September 6, 2011 —
WASHINGTON, D.C. — It’s a sign of the times. The Federal Highway Administration is caving in to a tsunami of complaints about its stringent sign law that had the potential to pressure local budgets to the breaking point.
The earlier measure directed all municipalities across the country to replace road signs and stop signs so that they are more reflective, especially at night. Although only a quarter of travel occurs at night, highway officials noted that half of all traffic fatalities occur then.
“How on earth are we going to pay for this?” said Damascus supervisor chairman of Jeff Dexter when the directive was first introduced. “The timing couldn’t be worse.” Damascus officials estimated that it would cost about $150,000 for new street signs and about $45,000 for stop signs, not including labor.
In recognition of the countless municipalities across the country experiencing serious short-falls in the collection of taxes and the rise in costs of health care coverage and pensions, the Obama administration is planning to yield or slow down and delay original deadlines that were imposed.
This week, the administration issued a proposal that would eliminate dozens of deadlines for replacing traffic and road signs, saying that communities should not be forced to install new signs until the old ones wear out.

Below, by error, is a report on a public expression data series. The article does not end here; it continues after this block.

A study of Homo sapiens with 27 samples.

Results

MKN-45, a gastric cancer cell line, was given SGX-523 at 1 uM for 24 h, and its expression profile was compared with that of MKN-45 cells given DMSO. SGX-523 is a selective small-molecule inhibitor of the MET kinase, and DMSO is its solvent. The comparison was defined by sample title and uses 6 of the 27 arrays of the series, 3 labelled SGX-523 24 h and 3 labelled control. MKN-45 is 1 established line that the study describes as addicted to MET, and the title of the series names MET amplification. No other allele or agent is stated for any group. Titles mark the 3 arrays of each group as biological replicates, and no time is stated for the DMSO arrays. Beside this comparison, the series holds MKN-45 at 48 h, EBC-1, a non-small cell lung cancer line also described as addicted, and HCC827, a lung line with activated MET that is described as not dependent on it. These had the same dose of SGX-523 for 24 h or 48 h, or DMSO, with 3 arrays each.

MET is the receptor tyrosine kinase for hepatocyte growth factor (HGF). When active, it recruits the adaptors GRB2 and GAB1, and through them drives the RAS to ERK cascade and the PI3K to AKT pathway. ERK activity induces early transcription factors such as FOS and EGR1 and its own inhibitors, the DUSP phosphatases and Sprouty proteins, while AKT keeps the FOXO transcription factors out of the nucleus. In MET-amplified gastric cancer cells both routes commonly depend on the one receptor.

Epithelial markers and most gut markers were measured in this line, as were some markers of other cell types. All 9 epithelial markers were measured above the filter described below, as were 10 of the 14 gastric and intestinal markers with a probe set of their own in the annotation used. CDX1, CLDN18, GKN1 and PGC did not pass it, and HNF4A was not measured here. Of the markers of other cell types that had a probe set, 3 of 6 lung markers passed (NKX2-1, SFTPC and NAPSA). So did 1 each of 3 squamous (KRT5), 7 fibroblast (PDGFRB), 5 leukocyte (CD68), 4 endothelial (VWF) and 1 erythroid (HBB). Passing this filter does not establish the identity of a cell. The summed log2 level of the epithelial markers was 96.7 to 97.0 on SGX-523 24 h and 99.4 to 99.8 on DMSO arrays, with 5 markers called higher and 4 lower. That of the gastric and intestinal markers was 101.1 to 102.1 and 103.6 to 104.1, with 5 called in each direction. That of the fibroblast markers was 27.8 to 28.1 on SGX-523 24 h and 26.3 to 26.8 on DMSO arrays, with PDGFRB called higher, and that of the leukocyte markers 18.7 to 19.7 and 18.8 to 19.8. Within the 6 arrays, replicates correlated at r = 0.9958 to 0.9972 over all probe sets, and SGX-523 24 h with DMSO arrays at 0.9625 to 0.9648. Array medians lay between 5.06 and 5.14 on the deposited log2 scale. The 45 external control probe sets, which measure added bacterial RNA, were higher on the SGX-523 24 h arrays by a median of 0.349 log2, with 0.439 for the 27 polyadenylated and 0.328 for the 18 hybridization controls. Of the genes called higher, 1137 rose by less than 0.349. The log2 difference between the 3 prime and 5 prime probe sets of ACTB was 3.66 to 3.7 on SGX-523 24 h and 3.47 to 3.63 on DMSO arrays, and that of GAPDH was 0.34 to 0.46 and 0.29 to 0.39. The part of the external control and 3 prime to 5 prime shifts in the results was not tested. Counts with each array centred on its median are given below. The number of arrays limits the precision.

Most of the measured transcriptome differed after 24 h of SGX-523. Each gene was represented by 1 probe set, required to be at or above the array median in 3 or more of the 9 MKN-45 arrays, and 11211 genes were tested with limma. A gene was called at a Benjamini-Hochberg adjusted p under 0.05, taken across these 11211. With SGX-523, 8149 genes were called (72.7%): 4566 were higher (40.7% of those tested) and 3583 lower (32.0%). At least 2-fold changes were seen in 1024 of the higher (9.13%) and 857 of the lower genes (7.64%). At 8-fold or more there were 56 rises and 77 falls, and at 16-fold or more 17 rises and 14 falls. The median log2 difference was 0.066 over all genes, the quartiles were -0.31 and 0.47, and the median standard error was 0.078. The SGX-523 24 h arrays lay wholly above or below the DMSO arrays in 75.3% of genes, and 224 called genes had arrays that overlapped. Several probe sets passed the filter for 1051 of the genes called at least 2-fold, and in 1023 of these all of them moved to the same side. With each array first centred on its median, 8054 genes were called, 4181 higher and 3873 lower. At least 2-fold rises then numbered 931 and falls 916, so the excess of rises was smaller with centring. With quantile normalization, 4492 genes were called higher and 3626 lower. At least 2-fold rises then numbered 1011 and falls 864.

Still, the U.S. Department of Transportation wants to retain a dozen deadlines for sign upgrades that it says are critical to public safety, like “one-way” signs at intersections with divided highways or one-way streets, and requiring “Stop” or “Yield” signs to be added at all railroad crossings where there are no automatic gates or flashing lights.
Organizations who favor safety and increased transportation funding are disappointed.
“We don’t want to fault municipal and state officials for pushing against this legislation because it’s Congress who is not funding a transportation bill for the country that would fund our aging infrastructure as President Obama has wished and provide funds for this particular legislation,” said Brad Sant, spokesman for the American Road and Transportation Builders Association.
If the transportation bill was passed by Congress, there would be funding for a sign law, Sant said.
“I haven’t verified the change yet but it would certainly be good news if it’s true,” Dexter said.